Live from the DMI Co-op: B-to-B mailers want lists

The flat economy may turn out to be the least of the problems faced by business-to-business mailers.

Another one is a lack of good lists. And that is largely caused by firms failing to reciprocate on list rentals.

“It’s a potential cancer in our industry,” said H.L. DeVore of Prudent Publishing, speaking at the Direct Media Mailers’ Conference & Co-op in White Plains, NY.

He argued that the availability of good response files is threatened by ill-considered privacy concerns and cautious bureaucracy. He singled out Pitney Bowes.

The business is based on “reciprocity of list rental under the same conditions, ” he continued. Too much rental without reciprocity.

“Sorry, but you’ve been cut off, Pitney Bowes,” he said.

Eric Snyder, senior vice president of marketing at Skillpath, agreed that lists and prospecting are important. “Try to get lists you didn’t have access to,” he said. “And I would encourage Direct Media to bring new lists to market.”

Of course, that may sound contradictory, given that most b-to-b mailers are relying more heavily on their house files.

For example, sales are down around 30% in the b-to-b seminar field. This has been caused by a combination of layoffs and a reluctance to travel by air.

Skillpath has avoided the latter because most of its seminars are local. In addition, it is more diversified than high-tech seminar producers that have been particularly hard hit.

But it has seen response rate declines.

How big? Snyder said that, “15% to 20% is a good number across the board. House and outside files are down equally, with prospecting down slightly more.”

The good news is that Skillpath has seen “a slight uptick–not great.” And it is spending more money on prospecting.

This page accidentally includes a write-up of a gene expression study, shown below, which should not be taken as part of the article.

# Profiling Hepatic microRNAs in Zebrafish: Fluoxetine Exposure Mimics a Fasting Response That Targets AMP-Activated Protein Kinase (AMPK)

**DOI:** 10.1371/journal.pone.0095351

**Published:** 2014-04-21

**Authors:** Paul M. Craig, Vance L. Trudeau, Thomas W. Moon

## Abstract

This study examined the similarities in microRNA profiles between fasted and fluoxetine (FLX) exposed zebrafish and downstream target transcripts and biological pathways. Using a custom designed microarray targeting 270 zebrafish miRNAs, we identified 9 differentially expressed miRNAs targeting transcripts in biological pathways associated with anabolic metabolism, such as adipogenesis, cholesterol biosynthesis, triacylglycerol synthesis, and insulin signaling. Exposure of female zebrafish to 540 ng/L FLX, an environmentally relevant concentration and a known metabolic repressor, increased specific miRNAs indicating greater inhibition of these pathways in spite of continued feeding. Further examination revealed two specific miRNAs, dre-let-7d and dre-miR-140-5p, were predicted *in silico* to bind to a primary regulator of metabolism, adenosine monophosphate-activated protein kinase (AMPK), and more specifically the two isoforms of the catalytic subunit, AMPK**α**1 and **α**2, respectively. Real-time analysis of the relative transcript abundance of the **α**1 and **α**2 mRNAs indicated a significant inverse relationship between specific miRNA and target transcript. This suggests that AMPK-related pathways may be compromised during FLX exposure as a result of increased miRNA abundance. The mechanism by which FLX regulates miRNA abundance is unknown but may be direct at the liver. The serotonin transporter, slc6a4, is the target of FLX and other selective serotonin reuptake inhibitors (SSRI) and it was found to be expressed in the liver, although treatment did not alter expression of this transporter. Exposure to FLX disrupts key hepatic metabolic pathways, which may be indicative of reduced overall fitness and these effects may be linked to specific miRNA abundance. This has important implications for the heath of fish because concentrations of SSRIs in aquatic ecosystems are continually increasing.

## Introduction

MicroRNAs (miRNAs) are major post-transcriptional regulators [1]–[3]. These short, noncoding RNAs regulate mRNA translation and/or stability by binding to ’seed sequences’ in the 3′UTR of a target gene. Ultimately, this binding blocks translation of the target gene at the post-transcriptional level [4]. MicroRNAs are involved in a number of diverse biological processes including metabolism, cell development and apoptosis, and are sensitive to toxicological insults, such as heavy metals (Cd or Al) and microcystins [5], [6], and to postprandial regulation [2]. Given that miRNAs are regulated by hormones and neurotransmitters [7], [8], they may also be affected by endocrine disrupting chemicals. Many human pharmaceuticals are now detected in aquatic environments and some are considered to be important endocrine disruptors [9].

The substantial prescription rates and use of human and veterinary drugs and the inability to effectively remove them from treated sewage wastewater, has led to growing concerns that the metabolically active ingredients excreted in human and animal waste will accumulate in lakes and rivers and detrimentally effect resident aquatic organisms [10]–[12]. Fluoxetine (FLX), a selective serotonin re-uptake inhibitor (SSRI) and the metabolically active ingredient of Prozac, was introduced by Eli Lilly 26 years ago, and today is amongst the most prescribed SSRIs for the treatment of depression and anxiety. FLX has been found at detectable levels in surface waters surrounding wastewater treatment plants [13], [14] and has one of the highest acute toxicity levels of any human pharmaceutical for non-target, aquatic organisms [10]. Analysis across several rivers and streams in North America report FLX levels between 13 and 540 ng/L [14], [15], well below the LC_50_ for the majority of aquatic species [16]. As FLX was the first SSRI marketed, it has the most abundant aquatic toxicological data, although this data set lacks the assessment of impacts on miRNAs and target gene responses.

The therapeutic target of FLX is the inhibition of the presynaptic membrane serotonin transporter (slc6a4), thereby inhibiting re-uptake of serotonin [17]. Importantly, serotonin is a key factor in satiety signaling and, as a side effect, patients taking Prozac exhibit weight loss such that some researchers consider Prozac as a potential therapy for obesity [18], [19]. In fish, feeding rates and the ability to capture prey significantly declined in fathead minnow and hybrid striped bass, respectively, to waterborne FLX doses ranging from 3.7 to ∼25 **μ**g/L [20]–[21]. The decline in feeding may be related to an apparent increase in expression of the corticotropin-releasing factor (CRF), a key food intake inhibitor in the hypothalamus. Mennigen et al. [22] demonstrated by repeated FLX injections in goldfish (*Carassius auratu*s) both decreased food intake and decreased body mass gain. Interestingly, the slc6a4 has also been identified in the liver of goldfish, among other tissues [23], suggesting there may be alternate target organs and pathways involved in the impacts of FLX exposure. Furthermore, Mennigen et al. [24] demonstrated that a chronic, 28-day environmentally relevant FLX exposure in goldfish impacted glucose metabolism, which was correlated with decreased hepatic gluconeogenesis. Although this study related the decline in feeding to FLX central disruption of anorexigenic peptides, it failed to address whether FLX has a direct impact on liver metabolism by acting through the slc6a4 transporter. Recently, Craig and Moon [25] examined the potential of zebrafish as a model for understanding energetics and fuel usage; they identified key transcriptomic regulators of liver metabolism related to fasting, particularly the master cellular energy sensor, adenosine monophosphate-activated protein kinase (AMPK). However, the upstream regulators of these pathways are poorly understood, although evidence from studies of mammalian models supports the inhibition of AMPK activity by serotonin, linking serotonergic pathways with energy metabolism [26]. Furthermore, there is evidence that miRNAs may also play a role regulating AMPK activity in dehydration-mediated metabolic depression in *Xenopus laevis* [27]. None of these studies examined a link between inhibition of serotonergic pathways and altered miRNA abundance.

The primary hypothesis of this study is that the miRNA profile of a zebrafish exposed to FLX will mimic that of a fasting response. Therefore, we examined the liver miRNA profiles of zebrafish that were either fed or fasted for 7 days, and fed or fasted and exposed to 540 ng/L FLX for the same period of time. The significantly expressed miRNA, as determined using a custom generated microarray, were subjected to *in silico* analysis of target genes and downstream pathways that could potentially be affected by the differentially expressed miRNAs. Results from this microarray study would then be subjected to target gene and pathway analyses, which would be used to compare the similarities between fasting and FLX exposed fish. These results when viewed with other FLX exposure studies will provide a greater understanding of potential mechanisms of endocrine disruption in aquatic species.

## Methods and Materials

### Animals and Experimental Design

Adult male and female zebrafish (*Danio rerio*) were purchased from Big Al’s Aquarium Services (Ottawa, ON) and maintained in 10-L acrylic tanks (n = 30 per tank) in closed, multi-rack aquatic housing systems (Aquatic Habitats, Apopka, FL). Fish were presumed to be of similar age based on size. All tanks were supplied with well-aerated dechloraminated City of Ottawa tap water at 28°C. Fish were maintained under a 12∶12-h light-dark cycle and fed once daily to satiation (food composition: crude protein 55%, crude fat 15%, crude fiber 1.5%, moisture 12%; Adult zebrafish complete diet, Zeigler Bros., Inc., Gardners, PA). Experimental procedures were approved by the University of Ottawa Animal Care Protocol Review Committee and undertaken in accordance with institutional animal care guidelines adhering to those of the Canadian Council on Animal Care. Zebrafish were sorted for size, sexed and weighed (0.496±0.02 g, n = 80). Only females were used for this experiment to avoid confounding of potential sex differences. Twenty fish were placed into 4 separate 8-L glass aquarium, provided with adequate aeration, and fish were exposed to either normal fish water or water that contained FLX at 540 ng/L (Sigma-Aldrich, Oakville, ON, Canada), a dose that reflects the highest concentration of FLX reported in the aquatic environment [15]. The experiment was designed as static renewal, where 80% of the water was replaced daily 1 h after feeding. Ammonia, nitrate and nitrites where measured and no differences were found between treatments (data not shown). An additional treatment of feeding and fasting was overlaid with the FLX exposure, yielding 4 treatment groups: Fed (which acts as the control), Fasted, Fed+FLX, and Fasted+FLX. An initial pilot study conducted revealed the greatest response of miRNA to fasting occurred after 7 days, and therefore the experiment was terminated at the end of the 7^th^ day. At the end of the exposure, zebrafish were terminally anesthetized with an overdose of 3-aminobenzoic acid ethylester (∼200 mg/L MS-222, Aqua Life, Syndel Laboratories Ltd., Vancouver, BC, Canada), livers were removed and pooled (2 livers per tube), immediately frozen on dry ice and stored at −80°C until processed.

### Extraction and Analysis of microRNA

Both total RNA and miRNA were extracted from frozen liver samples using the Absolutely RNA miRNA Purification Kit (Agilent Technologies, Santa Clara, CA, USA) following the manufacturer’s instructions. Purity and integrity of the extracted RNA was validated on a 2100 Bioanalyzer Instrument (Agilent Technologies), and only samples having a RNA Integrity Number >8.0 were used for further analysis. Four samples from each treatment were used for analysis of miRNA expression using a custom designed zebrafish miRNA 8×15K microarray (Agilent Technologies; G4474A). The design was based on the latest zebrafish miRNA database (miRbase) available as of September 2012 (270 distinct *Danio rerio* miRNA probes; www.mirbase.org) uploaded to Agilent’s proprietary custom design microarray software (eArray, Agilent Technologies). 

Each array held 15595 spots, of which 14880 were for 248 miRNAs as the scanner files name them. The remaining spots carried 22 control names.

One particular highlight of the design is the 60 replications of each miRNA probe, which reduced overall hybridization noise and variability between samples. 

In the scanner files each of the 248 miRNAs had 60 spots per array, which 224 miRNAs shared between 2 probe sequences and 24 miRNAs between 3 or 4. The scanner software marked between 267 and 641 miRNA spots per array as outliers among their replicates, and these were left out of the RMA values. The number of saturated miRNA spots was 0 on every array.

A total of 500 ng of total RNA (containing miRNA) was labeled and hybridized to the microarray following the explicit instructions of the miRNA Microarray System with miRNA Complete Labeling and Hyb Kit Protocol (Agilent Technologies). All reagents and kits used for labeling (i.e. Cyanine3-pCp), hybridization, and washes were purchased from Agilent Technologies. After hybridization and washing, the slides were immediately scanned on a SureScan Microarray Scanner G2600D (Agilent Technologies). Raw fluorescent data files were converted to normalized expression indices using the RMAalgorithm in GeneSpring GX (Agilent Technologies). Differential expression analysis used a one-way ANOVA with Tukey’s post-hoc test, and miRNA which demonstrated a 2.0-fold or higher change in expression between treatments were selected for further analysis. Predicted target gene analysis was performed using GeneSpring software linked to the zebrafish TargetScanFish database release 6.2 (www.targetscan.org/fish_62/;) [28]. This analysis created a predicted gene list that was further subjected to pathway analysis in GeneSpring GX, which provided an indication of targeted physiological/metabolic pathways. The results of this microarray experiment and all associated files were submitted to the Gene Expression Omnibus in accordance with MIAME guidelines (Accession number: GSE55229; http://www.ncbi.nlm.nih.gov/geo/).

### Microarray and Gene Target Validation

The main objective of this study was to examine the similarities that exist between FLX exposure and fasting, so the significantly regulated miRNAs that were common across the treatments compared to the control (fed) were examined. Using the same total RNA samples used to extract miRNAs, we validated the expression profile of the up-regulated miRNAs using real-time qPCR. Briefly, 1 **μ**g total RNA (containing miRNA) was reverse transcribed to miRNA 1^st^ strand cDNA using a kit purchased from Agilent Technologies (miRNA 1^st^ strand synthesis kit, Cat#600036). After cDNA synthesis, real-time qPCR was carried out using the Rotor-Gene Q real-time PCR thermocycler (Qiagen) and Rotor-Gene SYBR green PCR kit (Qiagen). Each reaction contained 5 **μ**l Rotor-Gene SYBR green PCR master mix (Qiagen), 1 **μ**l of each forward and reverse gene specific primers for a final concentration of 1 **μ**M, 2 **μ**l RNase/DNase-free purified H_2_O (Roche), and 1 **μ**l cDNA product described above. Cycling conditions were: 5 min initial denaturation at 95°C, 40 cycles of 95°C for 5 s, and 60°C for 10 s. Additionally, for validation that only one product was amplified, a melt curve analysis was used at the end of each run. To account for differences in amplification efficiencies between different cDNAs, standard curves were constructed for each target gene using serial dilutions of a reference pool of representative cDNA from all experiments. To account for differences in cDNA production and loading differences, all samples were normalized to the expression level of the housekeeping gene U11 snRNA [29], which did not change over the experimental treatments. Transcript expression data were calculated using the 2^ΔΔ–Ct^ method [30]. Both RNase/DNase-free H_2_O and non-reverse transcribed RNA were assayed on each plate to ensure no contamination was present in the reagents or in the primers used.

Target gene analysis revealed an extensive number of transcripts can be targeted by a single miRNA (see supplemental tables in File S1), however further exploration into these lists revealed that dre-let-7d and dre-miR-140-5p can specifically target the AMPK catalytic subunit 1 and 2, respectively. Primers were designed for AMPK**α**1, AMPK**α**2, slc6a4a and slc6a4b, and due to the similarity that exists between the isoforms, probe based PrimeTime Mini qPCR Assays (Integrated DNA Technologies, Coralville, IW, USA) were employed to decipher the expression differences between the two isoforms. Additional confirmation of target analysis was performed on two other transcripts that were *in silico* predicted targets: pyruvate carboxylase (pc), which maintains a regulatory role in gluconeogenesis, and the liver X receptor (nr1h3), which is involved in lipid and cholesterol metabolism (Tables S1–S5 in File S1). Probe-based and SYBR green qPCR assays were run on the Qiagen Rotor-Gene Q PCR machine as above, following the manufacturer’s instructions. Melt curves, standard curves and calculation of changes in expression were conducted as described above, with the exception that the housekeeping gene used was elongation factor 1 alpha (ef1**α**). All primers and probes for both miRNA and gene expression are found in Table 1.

“There are not too many bright spots out there,” Snyder said. “But then again, there were few bright spots when we started in 1989.”

Publishers are also feeling the heat. Harvard Business Review Publishing has had to meet its goals with reduced marketing dollars, said Paul Szymanski, consumer marketing manager for the publisher. It has also “replaced all its controls, and cut mail volume to “get the bottom guys off,” he said.

But Szymanski is far from despairing. For one thing, Harvard Business Review will rely more on non-subscription revenue because “it can pull you through times when circulation revenue is down. And it is experimenting with e-marketing.

Does this mean that direct mail is drying up as a medium? No way.

“There’s no real contender to replace direct mail–it’s the workhorse of the industry,” said DeVore. “And I think the answer will be the same in two years.”

Szymanski added that e-mail produces great return on investment, and that firms can use its su

pplement land-mail programs when lists aren’t performing. Just how often should a customer be contacted? Snyder observed that with 20,000 seminars to offer in that time frame, he can “hit a customer 70 times a year.”

Szymanski countered, “I can’t imagine making a subscription offer 30 times a year. We might end up behind bars.”

Whatever the limit, there are tools for cutting down wasteful mail volume.

National Business Furniture improved its performance by modeling. “We started with 1994 customers,” said George Mosher, president of the office furniture cataloger. “We found that four out of seven bought in ’94, and never bought again. But 2% have bought every year since ’94. They’re paying for my kids’ college education.”